We have started a series of Langstaff Letters on “Renewing Your Mind.” Last week we looked at the need to have your minds renewed. In today’s letter, we will look at how the enemy, Satan, works to control our minds. Remember, the battle is for the mind.


In James 1:1-5 and 12-16, the apostle James gives us insight into how the enemy attacks us. In James 1:12-16 (NKJV), it says:

“Blessed is the man who endures temptation; for when he has been approved, he will receive the crown of life which the Lord has promised to those who love Him. Let no one say when he is tempted, “I am tempted by God”; for God cannot be tempted by evil, nor does He Himself tempt anyone. But each one is tempted when he is drawn away by his own desires and enticed. Then, when desire has conceived, it gives birth to sin; and sin, when it is full-grown, brings forth death. Do not be deceived, my beloved brethren.”

Let us begin by stating: God does not tempt us, but He does allow temptations to come into our lives. (See Job 1:6-12 & 2:1-6). However, temptation can also bring testing and a time of trial. So let us differentiate between these three difficulties.

  • Temptation – An enticement to commit sin. Negative pull on our minds. (James 1:13-15).
  • Testing – A challenge to choose the right thing, to obey the positive pull. (James 1:3).
  • Trials – Hardships, ordeals, difficult circumstances, etc. Our response may either be positive or negative.

Notice that these three challenges can line up. A trial can become a test of our faith in which we can be tempted to give up, throw in the towel.


The enemy knows how to attack our minds, and basically, he uses a 4 step strategy.

Step 1 – Evil Thought

Everything starts with a thought. You can’t stop thoughts from coming to you, but you can resist and overcome them. As it has been said, “You can’t stop birds from flying over your head, but you can stop them from making a nest in your hair.”

Step 2 – Imagination

If you don’t deal with your thoughts, by bringing every thought into captivity to the obedience of Christ (See 2 Corinthians 10:15), your emotions will be stirred up, and your imagination will take over. You will start to imagine yourself acting upon the thought.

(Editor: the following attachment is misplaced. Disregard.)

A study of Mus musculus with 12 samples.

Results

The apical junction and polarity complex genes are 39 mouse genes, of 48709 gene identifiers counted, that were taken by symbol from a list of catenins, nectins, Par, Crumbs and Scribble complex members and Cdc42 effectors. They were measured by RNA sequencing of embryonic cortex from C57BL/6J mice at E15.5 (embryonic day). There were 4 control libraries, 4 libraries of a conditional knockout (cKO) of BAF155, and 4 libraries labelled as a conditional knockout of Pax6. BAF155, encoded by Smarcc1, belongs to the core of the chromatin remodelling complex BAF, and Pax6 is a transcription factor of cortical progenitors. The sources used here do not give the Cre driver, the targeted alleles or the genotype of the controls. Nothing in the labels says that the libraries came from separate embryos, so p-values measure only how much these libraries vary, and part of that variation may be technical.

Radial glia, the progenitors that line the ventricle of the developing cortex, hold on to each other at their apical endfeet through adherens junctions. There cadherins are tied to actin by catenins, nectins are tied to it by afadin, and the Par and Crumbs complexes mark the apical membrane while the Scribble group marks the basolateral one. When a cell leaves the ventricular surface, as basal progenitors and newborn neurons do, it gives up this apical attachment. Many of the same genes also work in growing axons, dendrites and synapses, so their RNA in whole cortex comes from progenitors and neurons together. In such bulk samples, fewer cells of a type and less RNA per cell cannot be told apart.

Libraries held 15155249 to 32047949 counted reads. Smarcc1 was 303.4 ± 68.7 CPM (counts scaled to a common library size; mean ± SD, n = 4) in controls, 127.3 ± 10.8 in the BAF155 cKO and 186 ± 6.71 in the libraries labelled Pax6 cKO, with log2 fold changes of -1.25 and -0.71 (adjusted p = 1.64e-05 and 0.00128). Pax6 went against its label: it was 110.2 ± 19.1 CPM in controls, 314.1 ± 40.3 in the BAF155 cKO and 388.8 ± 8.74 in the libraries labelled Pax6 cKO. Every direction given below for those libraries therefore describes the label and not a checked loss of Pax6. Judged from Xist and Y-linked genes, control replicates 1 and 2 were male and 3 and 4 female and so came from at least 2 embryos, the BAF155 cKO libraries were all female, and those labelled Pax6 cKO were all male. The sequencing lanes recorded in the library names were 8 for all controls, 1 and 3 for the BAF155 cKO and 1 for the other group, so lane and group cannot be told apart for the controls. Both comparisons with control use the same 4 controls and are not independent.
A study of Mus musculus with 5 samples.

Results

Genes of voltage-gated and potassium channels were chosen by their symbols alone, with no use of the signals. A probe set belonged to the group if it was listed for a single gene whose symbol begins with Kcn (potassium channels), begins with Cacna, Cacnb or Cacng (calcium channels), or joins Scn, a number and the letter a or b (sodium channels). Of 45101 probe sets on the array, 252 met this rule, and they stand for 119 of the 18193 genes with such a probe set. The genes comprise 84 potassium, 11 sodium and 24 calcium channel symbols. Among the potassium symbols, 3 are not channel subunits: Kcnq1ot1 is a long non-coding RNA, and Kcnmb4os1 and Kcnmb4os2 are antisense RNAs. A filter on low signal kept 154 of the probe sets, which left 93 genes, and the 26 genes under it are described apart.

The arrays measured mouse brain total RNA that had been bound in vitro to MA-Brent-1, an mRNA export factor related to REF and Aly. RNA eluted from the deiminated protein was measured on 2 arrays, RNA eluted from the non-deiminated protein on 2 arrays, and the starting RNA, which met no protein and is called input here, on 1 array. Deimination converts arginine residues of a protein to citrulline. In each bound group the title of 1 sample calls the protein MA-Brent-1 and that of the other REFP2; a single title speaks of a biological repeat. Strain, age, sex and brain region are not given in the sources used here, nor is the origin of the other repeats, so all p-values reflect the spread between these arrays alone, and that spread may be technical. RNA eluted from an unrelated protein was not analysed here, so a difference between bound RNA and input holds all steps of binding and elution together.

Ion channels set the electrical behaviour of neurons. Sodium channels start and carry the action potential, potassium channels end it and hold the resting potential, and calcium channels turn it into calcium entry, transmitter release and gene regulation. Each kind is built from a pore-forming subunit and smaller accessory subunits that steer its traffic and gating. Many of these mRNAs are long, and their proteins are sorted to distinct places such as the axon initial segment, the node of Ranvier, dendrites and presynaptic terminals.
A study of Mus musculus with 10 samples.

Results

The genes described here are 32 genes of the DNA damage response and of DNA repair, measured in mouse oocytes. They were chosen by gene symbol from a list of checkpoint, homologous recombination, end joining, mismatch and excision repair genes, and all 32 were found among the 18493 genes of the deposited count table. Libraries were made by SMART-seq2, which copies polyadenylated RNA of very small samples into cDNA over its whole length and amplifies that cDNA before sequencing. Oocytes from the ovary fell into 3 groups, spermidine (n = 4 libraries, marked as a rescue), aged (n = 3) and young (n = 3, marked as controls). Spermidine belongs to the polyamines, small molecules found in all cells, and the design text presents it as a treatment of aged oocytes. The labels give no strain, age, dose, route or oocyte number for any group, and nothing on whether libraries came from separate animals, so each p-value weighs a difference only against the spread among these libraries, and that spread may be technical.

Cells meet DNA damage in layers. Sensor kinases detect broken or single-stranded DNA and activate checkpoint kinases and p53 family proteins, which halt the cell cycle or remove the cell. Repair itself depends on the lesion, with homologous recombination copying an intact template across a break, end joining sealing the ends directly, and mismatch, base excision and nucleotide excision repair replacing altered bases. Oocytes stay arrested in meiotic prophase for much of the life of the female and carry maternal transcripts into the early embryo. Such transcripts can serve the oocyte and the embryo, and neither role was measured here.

Step 3 – Desire

The next step the enemy takes is to inflame the passions of our flesh; lust begins to take over. The desire to do something wrong grows within the mind, we can picture ourselves committing the sin, and we desire to.

Step 4 – Evil Act is Committed 

It all leads to a person committing sin, which is the ultimate goal of Satan’s attack on your mind. If the sin is committed, then Satan has won the battle for your mind.


This 4 step attack on the minds of believers, the phases of temptation, that can lead to sin have to be dealt with at step 1. The level of the evil thought when it first arrives.

It has to be dealt with:

  • Immediately
  • Aggressively

An example of how to do this is seen in the life of Jesus in Matthew 16:21-23. Jesus and His disciples are at Caesarea in Phillipi, where Peter confesses that Jesus is the Christ the Son of the Living God. However, then Jesus began to tell His disciples that He was going to suffer and be killed. Immediately Peter began to rebuke Jesus declaring, “Far be it from You, Lord; this shall not happen to You!” (Matthew 16:22, NKJV). This was a temptation to avoid the cross, but Jesus knew how to deal with such a temptation. He did it immediately and aggressively, saying to Peter, “Get behind Me, Satan! You are an offense to Me, for you are not mindful of the things of God, but the things of men” (Matthew 16:23, NKJV).

Now let us look at a summary of the three areas of temptation.


(1 John 2:15-17 and Genesis 3:6)

I don’t know where I first saw this diagram, but it summarizes the three areas of temptation:


So, we have looked at Satan’s tactics, the ways he uses to attack and control our thoughts and consequently our action. Let is note: “To be forewarned is to be forearmed.”

Remember too, what James wrote: “My brethren, count it all joy when you fall into various trials, knowing that the testing of your faith produces patience. But let patience have its perfect work, that you may be perfect and complete, lacking nothing” (James 1:2-4, NKJV).

Finally, remember this: “As a man thinks in his heart, so is he.”